Tulsa Public Schools exploring partnership with Harvard to improve schools
Photo Credit: Staff

Tulsa Public Schools exploring partnership with Harvard to improve schools

Tulsa Public Schools has scheduled a public forum for parents and community members in the McLain High School feeder pattern, as well as those with students attending Burroughs Elementary, to learn about a partnership the district is considering with Harvard University’s EdLabs. 

"There is no magic potion to fix student achievement, however, there are some tried and true ingredients that are consistently found in successful schools," said Dr. Keith Ballard, TPS superintendent. "Tulsa Public Schools and EdLabs share many of the same philosophies, including having an effective teacher in every classroom, and an effective leader in every building.  We encourage parents and members of the McLain and Burroughs Elementary communities to attend this important meeting as we explore the possibilities with Dr. Roland Fryer and EdLabs."

The forum is slated for Monday, March 18, from 6 - 7 p.m. at the McLain High School Auditorium.

The proposed three-year partnership still needs to be approved by the TPS board. It also requires district and philanthropic funding.

The program seeks to accelerate student growth in schools with chronic low achievement.

Eight schools are included, seven of which are in the McLain feeder pattern: Anderson, Gilcrease, Penn, Springdale and Whitman elementary schools; Burroughs Elementary (in the Central High School feeder pattern); as well as McLain Junior High and McLain High School.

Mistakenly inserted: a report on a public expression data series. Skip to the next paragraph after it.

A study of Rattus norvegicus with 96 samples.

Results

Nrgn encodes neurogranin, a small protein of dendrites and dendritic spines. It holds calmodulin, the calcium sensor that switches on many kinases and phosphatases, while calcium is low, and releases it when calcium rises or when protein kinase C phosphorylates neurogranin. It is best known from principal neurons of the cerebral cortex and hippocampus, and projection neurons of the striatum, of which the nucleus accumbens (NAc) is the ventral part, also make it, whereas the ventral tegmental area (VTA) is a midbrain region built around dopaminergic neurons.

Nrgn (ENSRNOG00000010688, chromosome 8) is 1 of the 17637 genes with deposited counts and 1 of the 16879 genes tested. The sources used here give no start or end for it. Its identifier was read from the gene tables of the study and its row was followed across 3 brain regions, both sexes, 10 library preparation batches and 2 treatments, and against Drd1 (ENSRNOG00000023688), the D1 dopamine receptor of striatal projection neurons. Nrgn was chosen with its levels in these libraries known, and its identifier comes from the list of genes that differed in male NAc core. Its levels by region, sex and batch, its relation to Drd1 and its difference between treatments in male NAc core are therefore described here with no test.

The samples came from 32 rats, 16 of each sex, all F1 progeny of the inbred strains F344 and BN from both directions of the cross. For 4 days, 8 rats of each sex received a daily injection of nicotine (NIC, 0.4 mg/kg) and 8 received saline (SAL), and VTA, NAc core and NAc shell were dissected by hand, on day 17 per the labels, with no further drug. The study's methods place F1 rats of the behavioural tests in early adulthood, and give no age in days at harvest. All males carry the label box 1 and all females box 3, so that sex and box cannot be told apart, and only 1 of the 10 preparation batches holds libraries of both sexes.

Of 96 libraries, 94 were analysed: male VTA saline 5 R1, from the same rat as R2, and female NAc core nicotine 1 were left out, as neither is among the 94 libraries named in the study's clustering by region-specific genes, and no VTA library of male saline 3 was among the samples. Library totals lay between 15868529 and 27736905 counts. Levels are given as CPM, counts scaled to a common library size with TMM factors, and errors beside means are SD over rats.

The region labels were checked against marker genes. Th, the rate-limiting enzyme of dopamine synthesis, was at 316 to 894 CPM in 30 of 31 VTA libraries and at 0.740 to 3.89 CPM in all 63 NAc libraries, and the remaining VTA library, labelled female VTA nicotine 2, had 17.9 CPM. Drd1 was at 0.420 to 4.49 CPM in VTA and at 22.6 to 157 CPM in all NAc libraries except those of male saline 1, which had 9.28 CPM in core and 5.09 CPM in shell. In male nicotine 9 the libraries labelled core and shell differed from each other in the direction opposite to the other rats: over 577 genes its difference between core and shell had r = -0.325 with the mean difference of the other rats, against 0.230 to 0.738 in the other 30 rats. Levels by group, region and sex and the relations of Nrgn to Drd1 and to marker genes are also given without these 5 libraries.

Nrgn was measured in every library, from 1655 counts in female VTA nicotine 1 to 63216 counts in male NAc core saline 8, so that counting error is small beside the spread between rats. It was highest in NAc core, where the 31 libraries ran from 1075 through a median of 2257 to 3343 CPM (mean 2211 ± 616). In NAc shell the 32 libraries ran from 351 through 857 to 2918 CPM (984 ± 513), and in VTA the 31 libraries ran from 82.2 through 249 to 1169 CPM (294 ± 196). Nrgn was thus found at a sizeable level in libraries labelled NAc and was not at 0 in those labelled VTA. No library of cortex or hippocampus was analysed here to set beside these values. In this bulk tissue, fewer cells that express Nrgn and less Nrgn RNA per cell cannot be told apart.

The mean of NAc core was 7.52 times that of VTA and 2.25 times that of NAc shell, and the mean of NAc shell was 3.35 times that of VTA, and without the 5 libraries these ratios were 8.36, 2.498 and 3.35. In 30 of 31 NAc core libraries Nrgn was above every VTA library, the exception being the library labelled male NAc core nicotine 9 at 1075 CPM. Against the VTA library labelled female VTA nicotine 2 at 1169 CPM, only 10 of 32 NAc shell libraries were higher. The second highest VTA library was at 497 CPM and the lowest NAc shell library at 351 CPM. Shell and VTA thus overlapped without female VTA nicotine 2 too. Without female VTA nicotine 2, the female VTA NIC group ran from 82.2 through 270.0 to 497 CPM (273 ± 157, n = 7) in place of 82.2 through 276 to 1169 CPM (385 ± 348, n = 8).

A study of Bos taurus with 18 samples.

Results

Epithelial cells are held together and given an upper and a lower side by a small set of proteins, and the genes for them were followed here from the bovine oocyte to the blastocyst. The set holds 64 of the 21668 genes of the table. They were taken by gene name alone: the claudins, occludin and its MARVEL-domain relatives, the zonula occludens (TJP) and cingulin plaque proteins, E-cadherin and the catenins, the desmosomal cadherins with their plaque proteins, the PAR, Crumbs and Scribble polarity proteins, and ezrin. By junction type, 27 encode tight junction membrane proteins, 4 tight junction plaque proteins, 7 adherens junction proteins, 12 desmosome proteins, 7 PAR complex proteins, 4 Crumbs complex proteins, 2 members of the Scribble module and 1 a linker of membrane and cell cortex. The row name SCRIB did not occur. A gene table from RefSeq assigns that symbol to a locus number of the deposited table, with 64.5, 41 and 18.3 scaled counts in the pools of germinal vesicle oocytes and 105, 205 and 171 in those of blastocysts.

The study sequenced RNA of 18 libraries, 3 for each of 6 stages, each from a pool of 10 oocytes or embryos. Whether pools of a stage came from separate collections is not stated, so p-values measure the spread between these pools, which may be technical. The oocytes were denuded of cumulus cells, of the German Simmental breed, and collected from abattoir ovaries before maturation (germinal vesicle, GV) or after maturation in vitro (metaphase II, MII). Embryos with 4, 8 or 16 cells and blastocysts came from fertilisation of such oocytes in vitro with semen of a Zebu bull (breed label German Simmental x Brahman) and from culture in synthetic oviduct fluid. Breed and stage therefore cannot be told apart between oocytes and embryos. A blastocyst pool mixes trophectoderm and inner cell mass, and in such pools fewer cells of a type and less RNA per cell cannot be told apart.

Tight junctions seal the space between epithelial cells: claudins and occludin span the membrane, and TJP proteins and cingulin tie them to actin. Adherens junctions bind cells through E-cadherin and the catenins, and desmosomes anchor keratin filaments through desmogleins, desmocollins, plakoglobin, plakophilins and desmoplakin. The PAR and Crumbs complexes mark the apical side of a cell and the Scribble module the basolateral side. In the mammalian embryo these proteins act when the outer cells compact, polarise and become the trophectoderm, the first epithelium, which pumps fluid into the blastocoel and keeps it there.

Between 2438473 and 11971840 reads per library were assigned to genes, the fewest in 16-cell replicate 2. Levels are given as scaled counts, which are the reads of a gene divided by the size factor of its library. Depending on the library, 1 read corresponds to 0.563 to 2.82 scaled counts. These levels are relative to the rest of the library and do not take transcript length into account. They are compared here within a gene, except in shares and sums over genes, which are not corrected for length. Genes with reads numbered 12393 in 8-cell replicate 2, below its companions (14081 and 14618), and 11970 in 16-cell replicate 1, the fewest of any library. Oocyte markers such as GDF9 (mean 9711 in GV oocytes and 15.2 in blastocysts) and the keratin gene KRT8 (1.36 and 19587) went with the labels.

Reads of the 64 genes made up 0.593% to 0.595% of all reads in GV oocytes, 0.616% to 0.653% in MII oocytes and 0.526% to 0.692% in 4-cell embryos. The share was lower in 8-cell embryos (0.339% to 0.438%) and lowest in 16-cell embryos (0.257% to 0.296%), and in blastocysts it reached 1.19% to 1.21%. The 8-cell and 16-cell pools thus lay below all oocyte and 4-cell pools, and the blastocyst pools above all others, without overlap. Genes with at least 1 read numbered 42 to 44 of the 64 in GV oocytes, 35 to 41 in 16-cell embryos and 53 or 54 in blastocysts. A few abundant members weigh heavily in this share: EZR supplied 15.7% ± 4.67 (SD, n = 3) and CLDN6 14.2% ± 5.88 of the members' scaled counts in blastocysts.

Based upon data analysis about what has produced results in high-performing schools, EdLabs applies: 1) a high frequency of classroom walkthroughs, observations and feedback by instructional leaders; 2) high-dosage, individualized tutoring, both during the regular school day and after school; 3) the potential for an extended school day (and possibly the school year) to maximize instructional time; 4) frequent student assessment and retraining until students master the skills necessary to be successful; and 5) creating a culture of high expectations. 

The partnership will require a significant additional investment estimated at $2,000 per child per year.  The recommendation will be formally presented to the TPS board at the March 25 board meeting, and is expected to be voted upon at the April 8 meeting.